Dubai shares plummet 7%
Market tumbles amid ongoing concerns about the emirate's credit problems. Asian shares recover while Europe sinks.
NEW YORK (CNNMoney.com) -- Stocks in Dubai plunged more than 7% Monday, the first day of trading after the Persian Gulf state's debt problems roiled financial markets around the world.
The index for the Dubai Financial Market, the emirate's main stock exchange, ended the day down 7.3% at 1,940.36. It was the first day of trading since Dubai World, the state-run investment vehicle, requested a six-month delay on payments it owes on a roughly $60 billion debt load.
The Wednesday announcement raised fears about the health of the global financial system and rattled investors worldwide. But those concerns were eased somewhat Sunday after the United Arab Emirates stepped in to offer Dubai some support.
The UAE, a federation of seven emirates including Dubai, said it will create an emergency liquidity facility to help prevent the city-state from defaulting on its debts.
Fellow emirate Abu Dhabi also announced plans to selectively aid Dubai banks.
The moves helped revive confidence in Asia, where stock prices rallied after a sharp selloff last week. Japan's Nikkei rose nearly 3% while the Heng Seng in Hong Kong advanced 3.2%.
Major indexes in Europe, however, remained under pressure. Shares in London, Paris and Frankfurt all ended the day at least 1% lower.
U.S. stocks slipped in choppy trading as investors largely looked past concerns about Dubai World to focus on a weaker dollar, a better-than-expected reading on manufacturing and the start of the holiday shopping period.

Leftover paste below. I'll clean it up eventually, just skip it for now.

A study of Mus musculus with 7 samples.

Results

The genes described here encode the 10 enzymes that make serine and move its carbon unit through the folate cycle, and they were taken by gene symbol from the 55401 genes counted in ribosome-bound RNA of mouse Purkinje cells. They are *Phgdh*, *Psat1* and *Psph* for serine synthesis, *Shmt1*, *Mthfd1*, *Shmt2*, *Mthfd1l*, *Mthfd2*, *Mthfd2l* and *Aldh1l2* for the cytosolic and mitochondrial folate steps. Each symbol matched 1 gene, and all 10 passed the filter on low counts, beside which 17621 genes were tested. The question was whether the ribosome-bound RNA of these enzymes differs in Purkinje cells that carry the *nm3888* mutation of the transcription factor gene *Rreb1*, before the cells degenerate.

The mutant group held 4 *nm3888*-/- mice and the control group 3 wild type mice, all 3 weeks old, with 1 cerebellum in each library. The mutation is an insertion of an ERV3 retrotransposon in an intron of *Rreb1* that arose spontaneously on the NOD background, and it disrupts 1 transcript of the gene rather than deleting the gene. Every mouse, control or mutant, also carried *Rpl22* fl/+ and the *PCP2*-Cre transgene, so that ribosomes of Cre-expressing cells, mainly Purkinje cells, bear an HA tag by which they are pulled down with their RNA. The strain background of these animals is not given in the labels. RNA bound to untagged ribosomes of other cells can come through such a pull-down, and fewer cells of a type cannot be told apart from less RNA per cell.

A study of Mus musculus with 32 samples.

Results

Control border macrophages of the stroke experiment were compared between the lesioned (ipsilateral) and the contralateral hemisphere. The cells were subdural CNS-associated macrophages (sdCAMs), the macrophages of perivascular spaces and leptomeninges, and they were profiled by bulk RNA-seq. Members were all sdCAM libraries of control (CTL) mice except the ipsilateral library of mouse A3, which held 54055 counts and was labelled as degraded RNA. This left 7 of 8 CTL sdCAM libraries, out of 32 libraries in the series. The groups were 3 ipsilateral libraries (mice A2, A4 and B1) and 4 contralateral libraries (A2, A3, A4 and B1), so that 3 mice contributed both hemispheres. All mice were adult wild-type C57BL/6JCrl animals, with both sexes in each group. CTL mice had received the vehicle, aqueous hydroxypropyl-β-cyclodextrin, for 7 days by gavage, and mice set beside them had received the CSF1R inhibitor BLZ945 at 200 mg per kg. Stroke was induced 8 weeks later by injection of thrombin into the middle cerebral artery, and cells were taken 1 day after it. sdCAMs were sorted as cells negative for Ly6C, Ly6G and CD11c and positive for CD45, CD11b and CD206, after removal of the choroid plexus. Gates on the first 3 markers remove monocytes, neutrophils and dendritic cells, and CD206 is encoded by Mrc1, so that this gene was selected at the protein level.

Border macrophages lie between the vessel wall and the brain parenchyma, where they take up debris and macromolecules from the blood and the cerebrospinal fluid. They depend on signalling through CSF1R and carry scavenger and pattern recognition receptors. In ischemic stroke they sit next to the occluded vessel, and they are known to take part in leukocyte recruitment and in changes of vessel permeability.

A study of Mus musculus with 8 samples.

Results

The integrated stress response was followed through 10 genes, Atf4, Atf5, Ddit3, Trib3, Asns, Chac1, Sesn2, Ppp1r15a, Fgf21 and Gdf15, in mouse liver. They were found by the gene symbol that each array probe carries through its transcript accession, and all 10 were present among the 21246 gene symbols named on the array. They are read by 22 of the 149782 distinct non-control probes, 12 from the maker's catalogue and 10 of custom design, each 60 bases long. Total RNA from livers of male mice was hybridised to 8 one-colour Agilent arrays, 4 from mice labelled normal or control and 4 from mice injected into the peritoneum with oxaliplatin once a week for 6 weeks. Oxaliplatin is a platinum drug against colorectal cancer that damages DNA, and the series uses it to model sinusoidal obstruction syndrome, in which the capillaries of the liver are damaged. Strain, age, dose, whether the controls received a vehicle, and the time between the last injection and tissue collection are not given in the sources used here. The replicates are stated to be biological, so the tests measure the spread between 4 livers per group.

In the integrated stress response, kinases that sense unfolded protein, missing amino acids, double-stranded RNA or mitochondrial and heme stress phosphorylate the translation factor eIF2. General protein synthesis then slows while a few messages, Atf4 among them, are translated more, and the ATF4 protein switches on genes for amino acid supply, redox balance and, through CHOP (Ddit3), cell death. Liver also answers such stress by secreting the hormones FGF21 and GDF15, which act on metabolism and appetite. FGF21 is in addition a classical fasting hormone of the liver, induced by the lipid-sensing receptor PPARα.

Dubai borrowed billions over the last several years to fuel an extravagant construction boom. But the emirate was hit hard by the credit crunch and investors are concerned about the possible fallout if Dubai World is forced to liquidate assets at fire-sale prices.
While many analysts say the pain would be felt mostly by European banks, there are some who say U.S. banks are also at risk. (Dubai's threat to U.S. banks)
"This week I will be keeping my eyes peeled to see which, if any, banks have significant exposure," said Dan Cook, senior market analyst at IG Markets.
"I find it difficult to believe that with the amount of money being pumped into and the returns coming out of Dubai over the last several years, that some of the major players are not exposed more than they have initially let on," Cook wrote in a research report.
The Dubai debt crisis also made investors nervous about potential threats to the budding economic recovery. Stocks around the world have generally been rising since March as economic conditions have improved, but many investors say the market may have moved ahead of economic reality.